Angela Flowers: Emergency Case Manager and Future Nursing Leader

Published: 
Monday, October 10, 2016

This story is one of a series titled "Profiles of Passion," which features incoming SMU students who have demonstrated their dedication to transforming healthcare in their communities and the world even before their first day of classes. Click here for other stories in the series.

Angela Flowers has big plans. She hopes to influence U.S. healthcare reform and someday assume a leadership position at the World Health Organization.

To help achieve those goals, she just began working toward her Doctor of Nursing Practice (DNP) at Samuel Merritt University, a degree program designed to produce the profession's future leaders.

While studying for her doctoral degree, Flowers plans to continue tackling the challenging healthcare issue of reducing repeated visits by certain patients to emergency rooms, a practice that strains crisis services.

Reforming healthcare requires finding ways to reduce avoidable emergency visits and hospital care costs, while also improving patient and staff satisfaction, she says.

Flowers took an interest in curtailing ER recidivism during her RN pre-licensure and case management preceptorships in the emergency department at Kaiser Permanente Richmond Medical Center, where she still works part-time.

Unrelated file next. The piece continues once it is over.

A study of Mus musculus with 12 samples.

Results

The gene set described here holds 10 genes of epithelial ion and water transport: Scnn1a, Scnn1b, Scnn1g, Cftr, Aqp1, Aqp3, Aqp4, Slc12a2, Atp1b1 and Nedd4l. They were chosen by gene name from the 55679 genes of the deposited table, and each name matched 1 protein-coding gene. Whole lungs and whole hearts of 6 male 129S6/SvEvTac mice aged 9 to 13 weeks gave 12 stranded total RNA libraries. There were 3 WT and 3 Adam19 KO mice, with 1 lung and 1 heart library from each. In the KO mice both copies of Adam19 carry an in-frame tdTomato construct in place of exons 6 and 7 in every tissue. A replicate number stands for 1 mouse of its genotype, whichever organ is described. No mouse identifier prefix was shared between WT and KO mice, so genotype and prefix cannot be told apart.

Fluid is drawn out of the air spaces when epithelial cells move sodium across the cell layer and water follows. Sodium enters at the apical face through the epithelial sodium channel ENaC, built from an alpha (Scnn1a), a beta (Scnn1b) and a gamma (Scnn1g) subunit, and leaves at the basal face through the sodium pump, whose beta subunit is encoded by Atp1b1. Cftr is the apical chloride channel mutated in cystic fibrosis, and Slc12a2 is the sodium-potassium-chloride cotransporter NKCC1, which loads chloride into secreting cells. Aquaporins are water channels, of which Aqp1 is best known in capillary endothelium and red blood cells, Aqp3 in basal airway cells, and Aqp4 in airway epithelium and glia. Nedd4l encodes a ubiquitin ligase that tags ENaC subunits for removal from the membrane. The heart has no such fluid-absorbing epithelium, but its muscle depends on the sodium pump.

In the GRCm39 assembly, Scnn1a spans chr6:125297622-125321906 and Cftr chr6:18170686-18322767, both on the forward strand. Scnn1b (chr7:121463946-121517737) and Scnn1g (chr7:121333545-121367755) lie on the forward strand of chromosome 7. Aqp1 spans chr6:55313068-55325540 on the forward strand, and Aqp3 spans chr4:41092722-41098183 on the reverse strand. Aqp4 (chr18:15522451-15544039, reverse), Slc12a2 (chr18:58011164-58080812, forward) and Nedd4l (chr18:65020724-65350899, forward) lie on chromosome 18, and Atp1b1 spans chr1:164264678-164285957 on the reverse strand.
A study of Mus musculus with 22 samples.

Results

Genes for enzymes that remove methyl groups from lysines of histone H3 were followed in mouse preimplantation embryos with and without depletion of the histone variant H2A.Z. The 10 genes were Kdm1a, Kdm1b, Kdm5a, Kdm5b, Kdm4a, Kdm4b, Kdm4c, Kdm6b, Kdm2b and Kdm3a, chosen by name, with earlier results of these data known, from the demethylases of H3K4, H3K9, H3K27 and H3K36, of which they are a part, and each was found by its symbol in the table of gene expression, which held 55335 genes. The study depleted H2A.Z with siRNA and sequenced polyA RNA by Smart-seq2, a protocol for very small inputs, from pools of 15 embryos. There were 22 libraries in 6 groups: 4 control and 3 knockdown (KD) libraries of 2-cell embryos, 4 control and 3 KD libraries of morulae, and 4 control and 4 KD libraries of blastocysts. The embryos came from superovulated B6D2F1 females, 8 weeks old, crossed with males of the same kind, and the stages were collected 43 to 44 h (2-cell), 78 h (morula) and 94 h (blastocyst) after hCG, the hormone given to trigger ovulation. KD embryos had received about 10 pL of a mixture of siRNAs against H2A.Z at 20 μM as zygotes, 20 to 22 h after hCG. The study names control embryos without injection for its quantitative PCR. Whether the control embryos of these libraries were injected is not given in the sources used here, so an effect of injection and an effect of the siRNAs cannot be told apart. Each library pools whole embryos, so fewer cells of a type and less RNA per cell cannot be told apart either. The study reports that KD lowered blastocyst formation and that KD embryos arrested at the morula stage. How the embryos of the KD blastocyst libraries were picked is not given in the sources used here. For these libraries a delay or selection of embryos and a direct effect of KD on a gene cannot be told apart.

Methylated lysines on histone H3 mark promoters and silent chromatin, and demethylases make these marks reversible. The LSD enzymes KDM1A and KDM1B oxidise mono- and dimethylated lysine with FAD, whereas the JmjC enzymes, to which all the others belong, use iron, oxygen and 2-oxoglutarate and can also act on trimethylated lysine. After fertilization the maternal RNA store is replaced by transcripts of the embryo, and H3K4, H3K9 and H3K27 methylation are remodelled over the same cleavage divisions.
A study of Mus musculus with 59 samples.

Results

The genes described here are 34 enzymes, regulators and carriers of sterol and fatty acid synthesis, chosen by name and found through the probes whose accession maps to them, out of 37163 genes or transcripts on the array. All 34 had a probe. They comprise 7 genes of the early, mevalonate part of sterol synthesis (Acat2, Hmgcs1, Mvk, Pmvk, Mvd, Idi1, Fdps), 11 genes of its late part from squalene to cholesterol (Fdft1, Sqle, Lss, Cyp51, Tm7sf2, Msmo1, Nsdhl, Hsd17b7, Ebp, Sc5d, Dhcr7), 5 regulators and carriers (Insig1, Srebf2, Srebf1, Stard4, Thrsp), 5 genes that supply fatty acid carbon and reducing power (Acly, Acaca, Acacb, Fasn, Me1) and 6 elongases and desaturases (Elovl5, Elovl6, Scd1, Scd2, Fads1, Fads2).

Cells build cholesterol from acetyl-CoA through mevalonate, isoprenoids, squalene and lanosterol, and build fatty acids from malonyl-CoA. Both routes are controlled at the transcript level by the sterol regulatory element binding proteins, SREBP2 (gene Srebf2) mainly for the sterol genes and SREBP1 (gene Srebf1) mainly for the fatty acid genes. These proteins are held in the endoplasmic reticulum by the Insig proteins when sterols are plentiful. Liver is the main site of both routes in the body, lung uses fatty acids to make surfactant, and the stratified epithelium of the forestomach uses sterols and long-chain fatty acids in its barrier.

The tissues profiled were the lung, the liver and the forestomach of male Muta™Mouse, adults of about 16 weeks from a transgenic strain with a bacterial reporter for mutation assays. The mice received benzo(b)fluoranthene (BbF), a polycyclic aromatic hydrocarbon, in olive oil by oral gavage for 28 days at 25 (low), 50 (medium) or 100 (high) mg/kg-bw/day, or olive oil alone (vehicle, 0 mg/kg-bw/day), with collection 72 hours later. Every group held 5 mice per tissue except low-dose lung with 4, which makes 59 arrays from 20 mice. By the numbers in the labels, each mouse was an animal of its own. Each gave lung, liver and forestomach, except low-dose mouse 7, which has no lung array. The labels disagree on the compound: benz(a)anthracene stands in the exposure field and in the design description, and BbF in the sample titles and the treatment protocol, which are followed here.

It became the subject of her capstone project last year for SMU’s Entry-Level Master of Science in Nursing program that proposed case management guidelines for healthcare practitioners to optimize the quality of care for frequent users of emergency departments while also controlling healthcare costs.  She says she hopes to expand on that project during her studies in the DNP program with the goal of developing an evidence-based practice implementation to help solve the problem.

It’s also a topic of a pilot study she is working on as a volunteer case manager with the Marin County Health and Human Services that aims to find ways of providing more efficient services to heavy users of healthcare services.

Flowers left a lucrative, 16-year project management consulting career for large healthcare companies to become a nurse.

“It has taken me some time, but I’ve come to understand who I am and what motivates me,” she says.

Flowers traces that watershed moment to 2009 when she traveled to Nicaragua to help a dentist perform exams on children in a community in great need of services.

“What he was doing through hands-on care seemed so meaningful and what I was doing in the U.S., helping large companies become more efficient, seemed empty,” she says. “I needed to help and contribute more.”

Flowers views her decision to pursue an advanced nursing degree as the next step in her plan to becoming a future leader in health care delivery and public policy. She says the skills she learns in the DNP program, combined with her management experience, will enable her to help improve global health.

“This is a second career and what I like to think of as a second chance to meaningfully give back,” says Flowers.